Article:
According to data released Thursday, there were 580 suicides last year compared with 504 the prior year. Of those, the number of suicides by Army National Guard troops jumped by about 35 percent, from 76 in 2019 to 103 last year, and the active duty Army saw a nearly 20 percent rise. Marine Corps suicides went up by more than 30 percent, from 47 to 62; while the Marine Corps Reserves went from nine deaths to 10.

“The findings are troubling,” Defense Secretary Lloyd Austin said. “Suicide rates among our service members and military families are still too high, and the trends are not going in the right direction.”

Suicide has long been a problem in the U.S. military. While the causes of suicide are complex and not fully understood, military leaders have previously said they believed the COVID-19 pandemic was adding stress to an already strained force. Troops last year were called to help provide testing and later vaccines while struggling with the virus themselves and among relatives and friends. They also dealt with continued war-zone deployments, national disasters and often violent civil unrest.

Behavioral research has linked military suicides to a range of personal issues, including financial and marital stress.

Pentagon press secretary John Kirby acknowledged the Defense Department cannot fully explain the increases in suicides in recent years.

“One of the things that is bedeviling about suicide is that it’s often very hard to connect dots in causality—what leads somebody to make that decision,” Mr. Kirby said. “It’s difficult to denote specific causality with suicide on an individual basis, let alone on an institutional basis. And I think that’s why it’s so difficult for us to speak to it with any specificity, except to say we take this very, very seriously.”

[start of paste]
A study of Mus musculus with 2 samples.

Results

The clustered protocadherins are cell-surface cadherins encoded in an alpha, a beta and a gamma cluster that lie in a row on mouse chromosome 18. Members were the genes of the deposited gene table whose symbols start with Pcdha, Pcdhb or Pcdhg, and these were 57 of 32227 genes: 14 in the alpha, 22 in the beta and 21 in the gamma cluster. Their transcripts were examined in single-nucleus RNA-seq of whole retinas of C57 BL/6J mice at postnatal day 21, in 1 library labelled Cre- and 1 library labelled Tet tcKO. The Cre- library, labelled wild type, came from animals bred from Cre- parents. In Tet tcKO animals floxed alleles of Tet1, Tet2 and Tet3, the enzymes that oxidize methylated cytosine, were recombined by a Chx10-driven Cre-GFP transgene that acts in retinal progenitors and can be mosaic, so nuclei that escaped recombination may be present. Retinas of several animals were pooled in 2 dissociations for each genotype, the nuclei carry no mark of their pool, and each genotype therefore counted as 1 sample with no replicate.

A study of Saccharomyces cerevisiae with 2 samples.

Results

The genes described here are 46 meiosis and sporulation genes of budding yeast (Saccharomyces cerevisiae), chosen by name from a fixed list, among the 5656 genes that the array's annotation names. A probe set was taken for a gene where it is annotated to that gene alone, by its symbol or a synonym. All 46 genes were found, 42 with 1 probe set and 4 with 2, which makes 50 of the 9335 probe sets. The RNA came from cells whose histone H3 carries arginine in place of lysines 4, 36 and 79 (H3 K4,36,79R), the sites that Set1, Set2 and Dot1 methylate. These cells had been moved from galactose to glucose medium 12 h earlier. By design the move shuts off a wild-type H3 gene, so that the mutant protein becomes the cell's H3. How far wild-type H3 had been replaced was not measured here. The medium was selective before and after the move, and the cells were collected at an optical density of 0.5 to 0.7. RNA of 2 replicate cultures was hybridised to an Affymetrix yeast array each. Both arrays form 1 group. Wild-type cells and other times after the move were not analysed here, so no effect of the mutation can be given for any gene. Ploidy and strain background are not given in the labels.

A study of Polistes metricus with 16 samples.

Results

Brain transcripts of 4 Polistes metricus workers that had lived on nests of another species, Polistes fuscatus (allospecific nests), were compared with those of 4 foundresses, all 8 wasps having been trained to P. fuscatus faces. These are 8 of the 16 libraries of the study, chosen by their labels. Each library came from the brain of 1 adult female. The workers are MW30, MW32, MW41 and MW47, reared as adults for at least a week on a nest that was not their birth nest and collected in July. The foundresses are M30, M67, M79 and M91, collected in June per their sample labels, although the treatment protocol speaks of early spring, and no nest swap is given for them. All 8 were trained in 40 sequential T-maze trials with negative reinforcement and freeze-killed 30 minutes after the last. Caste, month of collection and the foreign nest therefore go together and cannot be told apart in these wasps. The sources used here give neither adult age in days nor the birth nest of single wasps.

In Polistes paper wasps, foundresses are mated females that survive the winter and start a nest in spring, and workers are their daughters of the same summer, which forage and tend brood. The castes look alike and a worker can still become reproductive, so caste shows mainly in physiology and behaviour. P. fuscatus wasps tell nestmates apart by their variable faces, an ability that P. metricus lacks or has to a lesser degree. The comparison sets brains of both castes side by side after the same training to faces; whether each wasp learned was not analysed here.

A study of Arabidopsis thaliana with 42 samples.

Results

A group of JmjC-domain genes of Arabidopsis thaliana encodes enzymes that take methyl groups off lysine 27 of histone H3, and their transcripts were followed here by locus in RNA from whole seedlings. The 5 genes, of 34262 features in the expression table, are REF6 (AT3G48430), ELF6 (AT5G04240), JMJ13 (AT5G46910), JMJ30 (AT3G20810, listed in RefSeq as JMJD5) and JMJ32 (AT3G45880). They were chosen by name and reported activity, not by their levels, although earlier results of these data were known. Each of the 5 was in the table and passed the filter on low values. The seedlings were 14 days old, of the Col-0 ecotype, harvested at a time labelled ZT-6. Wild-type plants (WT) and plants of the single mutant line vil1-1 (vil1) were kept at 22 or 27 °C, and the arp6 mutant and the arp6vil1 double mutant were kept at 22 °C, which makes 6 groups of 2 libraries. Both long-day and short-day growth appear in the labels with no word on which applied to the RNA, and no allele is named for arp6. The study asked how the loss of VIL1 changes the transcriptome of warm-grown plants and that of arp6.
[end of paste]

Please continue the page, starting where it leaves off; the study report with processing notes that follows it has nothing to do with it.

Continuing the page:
Military leaders for a number of years have sought to reduce the stigma associated with seeking mental health assistance.

That message was conveyed in a remarkable public statement last year by General John Hyten, vice chairman of the Joint Chiefs of Staff. He said he sought help while heading U.S. Strategic Command from 2016 to 2019. He did not reveal details but said he saw a psychiatrist—a rare public admission by a senior officer.

Army leaders on Thursday called suicide a significant challenge for the service, noting that the trend has been increasing for the last five years.

“While there is no clear understanding of what is causing the increase in suicides, we realize we have to do better in preventing suicide and ensure resources are available and readily accessible,” said Army Secretary Christine Wormuth and General James C. McConville, Army chief of staff, in a statement.

According to the Pentagon, enlisted male service members under the age of 30 were most at risk for suicide. While they make up less than 42 percent of the total force, men under 30 accounted for about 63 percent of the suicide deaths.

By far, the most common method of suicide was a gun, followed by hanging or asphyxiation.

Army Major General Clement Coward, acting executive director for the Force Resiliency office, said the military suicide rates were comparable to civilian U.S. rates. The use of a firearm was more frequent within the military than the civilian population.